When life is overflowing with poignant encounters, it’s okay that we can’t contain them all, writes Winnipeg hospital worker Doug Koop
I spend a big part of my workweek in the company of patients on the acute and critical care wards of a big and busy downtown hospital. A lot of people cross my path, including families and an ever-evolving cast of medical professionals and support workers.
The hospital hosts an endless flow of human need attended to by our society’s most affordable idea of good health care. All the hustle and bustle looks chaotic, but underneath there are routines that keep the place running 24/7/365.
Living in it can sometimes feel duty-driven, and a certain lethargy can dog my visitations. Yet there are also many occasions when I tap into the flow of the Spirit and am privileged to come alongside people in the midst of troubling experiences and be intimately involved in situations where love and sorrow mingle in sad (yet satisfying) embrace.
Not long ago I reflected on a day peppered with a number of difficult end-of-life situations. I recognized how I’d been swimming in emotionally roiling waters, connecting with active grief as a companion caregiver. These were very rich experiences, demanding but meaningful. They mattered.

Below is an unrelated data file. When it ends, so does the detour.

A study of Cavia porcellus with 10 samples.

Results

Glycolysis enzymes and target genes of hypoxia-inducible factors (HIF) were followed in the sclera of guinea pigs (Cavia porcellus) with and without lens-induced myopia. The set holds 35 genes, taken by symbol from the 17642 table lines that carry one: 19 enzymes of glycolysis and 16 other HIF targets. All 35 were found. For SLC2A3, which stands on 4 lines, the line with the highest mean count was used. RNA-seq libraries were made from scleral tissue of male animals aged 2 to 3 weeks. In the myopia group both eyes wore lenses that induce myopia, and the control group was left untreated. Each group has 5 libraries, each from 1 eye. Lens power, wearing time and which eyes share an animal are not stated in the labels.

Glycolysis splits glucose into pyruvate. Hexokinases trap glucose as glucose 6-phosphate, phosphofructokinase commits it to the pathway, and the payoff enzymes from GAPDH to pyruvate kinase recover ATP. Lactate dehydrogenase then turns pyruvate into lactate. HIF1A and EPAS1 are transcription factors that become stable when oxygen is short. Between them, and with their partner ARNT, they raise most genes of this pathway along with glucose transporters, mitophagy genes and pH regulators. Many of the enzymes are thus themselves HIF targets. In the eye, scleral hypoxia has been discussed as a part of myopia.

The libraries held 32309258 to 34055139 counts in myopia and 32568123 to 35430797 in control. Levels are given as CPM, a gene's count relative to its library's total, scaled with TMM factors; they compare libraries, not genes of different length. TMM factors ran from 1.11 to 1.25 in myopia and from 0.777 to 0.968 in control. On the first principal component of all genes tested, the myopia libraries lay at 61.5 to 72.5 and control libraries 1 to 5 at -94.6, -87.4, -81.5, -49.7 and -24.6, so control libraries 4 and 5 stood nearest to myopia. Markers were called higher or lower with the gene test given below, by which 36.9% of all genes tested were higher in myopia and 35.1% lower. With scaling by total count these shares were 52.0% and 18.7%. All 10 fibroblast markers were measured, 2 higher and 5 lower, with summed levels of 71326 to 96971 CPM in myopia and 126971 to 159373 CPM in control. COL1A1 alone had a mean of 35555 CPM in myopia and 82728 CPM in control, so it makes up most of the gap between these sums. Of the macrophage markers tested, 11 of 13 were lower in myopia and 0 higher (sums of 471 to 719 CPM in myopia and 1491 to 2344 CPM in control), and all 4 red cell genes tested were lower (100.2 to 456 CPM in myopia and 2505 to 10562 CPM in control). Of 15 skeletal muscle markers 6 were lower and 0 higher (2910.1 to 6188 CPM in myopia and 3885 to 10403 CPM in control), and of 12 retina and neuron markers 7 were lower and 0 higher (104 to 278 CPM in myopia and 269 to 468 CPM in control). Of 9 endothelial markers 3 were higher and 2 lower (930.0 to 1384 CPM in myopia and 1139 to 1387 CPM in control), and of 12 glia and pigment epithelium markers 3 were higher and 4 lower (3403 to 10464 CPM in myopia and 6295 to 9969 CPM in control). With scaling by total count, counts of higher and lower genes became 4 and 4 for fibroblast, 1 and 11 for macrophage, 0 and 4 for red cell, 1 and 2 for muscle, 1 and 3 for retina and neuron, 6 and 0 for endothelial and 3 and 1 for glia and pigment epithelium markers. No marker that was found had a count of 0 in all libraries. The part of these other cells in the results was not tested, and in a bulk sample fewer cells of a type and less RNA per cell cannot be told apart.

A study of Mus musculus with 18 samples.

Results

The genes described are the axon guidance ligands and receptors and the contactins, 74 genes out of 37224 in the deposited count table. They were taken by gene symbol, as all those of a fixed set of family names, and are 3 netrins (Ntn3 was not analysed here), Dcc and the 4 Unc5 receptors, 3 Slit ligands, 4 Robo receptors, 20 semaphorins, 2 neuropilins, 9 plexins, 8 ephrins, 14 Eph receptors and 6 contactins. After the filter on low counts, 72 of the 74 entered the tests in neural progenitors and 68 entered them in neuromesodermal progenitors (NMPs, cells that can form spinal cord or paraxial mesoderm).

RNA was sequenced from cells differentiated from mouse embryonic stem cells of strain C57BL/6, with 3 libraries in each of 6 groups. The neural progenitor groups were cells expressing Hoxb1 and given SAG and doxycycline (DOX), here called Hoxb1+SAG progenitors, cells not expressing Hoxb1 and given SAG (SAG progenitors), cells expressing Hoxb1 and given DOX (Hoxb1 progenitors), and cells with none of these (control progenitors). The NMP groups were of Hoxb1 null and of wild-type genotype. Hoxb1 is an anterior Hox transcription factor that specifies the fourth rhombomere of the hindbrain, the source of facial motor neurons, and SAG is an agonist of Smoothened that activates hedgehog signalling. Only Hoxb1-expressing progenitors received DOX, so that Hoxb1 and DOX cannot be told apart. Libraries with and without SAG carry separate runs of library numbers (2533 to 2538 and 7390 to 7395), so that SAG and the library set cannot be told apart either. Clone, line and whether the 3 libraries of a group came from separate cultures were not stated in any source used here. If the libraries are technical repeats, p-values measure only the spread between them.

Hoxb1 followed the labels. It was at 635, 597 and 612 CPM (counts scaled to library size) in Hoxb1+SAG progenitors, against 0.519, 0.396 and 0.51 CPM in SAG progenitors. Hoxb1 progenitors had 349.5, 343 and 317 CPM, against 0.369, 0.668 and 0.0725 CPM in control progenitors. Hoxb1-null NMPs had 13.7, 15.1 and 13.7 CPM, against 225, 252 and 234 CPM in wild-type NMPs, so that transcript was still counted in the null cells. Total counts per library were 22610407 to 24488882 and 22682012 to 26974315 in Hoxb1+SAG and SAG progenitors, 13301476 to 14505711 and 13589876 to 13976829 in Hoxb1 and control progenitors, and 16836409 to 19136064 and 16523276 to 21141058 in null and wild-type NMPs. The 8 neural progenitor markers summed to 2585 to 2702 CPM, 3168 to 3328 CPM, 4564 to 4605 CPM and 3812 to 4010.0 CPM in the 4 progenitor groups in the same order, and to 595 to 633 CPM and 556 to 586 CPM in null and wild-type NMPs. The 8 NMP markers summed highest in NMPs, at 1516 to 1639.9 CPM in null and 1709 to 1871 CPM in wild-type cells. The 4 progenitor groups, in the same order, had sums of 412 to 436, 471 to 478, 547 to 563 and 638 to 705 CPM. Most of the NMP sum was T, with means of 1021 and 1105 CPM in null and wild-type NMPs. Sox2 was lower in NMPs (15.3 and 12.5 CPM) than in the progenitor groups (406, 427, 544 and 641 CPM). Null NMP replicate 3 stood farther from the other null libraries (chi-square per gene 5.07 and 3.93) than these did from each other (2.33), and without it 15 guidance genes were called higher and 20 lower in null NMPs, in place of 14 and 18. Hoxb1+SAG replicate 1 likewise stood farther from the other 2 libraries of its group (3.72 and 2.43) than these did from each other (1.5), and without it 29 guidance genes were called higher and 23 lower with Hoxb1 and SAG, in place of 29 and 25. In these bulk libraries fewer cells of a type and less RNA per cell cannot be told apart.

It enlivens my spirit when this happens. It is invigorating.
What struck me, however, was how quickly the poignancy of these encounters can fade. Faces and names used so familiarly tend to slip from my memory within a week, if only because I’m rubbing shoulders (and souls) with yet another set of persons in distress. Once again I will find myself immersed in the harrowing experiences of others; again I’ll be sorrowing, laughing, grieving and reminiscing in full measure with people in turmoil.
These brief but meaningful intersections in our respective life journeys are true and real, moments of profound connection. They show that it’s possible to bring comforting touches of transcendence into the morass of harsh facts-on-the-ground that greet us each day.
While I often wish I could remember the details better, it’s quite okay that they fade. My brain is so saturated with the fullness of experience that it cannot contain it. This is an abundant life. My cup runneth over.
Doug Koop is a spiritual health practitioner at HSC Winnipeg, a major trauma and tertiary care hospital.